Boling Vision: Offering Students A Clear-Cut Solution


Irlyn Milfort, Writer

   Ever been upset that a picture came out blurry?

In truth, 80 percent of what is perceived and processed is through eyesight. Yet, far too many people have a hard time seeing and have to use some type of vision correction. A part of those people are kids. For some families, it’s hard to get the resources they need for their child or children to have healthy eyes, considering how expensive glasses can be.

Most schools offer screenings that test a student’s eyes, but 40-67 percent of these students who are identified with a vision problem don’t receive follow-up care by a professional; all they have is what is offered at school. This is a major problem for those families seeking the resources to get their kids healthy eye care.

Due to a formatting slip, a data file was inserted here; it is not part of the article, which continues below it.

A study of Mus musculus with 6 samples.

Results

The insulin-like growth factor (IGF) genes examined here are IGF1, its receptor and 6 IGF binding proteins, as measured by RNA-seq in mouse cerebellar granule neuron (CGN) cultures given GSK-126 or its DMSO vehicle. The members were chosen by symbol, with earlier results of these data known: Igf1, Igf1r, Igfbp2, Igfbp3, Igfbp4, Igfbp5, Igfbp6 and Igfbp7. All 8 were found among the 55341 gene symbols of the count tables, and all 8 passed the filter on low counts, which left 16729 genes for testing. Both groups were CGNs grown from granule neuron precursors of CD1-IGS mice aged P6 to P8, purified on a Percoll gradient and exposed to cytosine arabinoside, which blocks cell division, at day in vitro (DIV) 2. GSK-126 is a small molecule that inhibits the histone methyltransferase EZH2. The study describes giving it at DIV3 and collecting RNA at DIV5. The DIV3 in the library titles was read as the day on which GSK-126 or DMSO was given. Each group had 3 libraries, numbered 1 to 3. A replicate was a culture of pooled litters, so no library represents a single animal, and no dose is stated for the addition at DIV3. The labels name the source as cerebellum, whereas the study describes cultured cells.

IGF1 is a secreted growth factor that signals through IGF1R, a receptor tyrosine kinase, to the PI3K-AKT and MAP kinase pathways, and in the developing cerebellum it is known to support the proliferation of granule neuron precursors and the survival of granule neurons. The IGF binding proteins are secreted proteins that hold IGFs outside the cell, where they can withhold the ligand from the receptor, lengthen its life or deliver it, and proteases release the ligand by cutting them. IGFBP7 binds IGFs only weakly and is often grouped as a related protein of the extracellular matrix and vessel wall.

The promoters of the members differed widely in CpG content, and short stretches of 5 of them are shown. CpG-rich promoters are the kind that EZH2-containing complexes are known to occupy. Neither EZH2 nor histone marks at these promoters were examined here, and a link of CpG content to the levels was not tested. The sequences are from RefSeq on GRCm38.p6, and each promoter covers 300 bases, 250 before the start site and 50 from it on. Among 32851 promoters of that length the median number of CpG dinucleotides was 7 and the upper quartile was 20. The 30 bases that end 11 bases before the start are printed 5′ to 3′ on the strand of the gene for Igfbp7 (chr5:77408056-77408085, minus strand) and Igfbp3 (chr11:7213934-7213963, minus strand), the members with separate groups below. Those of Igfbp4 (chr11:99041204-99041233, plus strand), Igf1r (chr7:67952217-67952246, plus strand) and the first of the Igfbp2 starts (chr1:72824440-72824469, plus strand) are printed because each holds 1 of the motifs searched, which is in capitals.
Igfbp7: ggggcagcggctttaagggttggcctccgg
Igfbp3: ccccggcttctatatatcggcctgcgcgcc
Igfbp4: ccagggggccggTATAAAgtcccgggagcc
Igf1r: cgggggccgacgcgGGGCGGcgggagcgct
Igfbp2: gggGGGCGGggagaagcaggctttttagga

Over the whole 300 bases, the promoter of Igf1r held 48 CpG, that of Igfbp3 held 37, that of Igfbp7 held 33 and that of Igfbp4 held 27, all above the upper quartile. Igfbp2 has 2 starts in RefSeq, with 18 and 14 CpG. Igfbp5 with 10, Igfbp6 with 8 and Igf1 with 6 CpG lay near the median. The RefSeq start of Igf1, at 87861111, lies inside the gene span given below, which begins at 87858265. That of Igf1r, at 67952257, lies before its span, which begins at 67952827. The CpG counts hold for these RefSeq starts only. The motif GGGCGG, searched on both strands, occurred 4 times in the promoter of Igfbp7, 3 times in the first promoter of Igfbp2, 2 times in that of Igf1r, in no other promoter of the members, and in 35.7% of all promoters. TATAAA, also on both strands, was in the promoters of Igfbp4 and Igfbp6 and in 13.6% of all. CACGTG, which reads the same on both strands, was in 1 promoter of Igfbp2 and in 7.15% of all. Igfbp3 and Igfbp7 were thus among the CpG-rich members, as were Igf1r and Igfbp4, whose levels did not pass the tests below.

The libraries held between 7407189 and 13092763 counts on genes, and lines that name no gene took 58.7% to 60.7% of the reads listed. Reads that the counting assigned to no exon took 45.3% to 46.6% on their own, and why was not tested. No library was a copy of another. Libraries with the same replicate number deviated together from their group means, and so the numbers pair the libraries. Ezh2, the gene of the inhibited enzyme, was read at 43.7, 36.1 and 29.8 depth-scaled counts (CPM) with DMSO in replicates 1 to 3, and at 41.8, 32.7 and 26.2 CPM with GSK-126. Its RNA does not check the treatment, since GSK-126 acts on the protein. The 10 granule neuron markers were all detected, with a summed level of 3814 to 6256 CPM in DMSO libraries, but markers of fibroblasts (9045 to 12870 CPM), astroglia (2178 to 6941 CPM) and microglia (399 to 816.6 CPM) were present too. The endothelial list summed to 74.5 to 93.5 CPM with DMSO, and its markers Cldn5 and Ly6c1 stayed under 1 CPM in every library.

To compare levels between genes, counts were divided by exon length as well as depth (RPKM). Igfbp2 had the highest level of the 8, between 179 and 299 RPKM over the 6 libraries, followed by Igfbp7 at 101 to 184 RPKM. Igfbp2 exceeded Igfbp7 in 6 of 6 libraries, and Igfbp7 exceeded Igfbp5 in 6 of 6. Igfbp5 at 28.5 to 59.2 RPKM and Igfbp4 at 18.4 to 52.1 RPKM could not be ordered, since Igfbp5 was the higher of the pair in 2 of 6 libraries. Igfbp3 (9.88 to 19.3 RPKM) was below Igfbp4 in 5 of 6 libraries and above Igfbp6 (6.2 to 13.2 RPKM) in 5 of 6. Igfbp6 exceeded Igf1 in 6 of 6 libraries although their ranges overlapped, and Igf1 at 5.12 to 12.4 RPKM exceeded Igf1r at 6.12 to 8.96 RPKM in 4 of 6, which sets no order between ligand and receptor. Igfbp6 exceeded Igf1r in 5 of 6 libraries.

Boling Vision, an eye care provider, believes that without sight, kids can’t reach their educational potential, which is why they created a program to get students the eye care they need to continue learning at school. Boling Vision founded Kindness to Prevent Blindness, a program that travels to schools in a mobile clinic to provide medical eye exams and two free pairs of prescription glasses for students in grades 1, 3, 5, and 8 who fail their eye exams.

This program started in September 2018 but was only accessible to 17 schools within one school system. Presently, Kindness to Prevent Blindness has expanded to six school systems and serves sixty-eight schools—one of the school systems being Elkhart Community Schools. Abigail Stout, 11, who relies on glasses and contacts, shares her opinion on Boling Vision’s program: “It’s a great thing that they’re doing this, because without my contacts or glasses, it’d be really hard for me to see and follow along with what is being taught at school.” She concludes, saying, “It’s good that Boling Vision is doing this for younger students so that they have the eye care they need before they get older and their eyes get worse.”

Boling Vision has made a visible impact on education through non-profit program Kindness to Prevent Blindness. They expect to provide four-thousand students with free glasses during the 2019-2020 school year. Sound too good to be true? The recipients sure don’t think so. In this case, seeing is believing.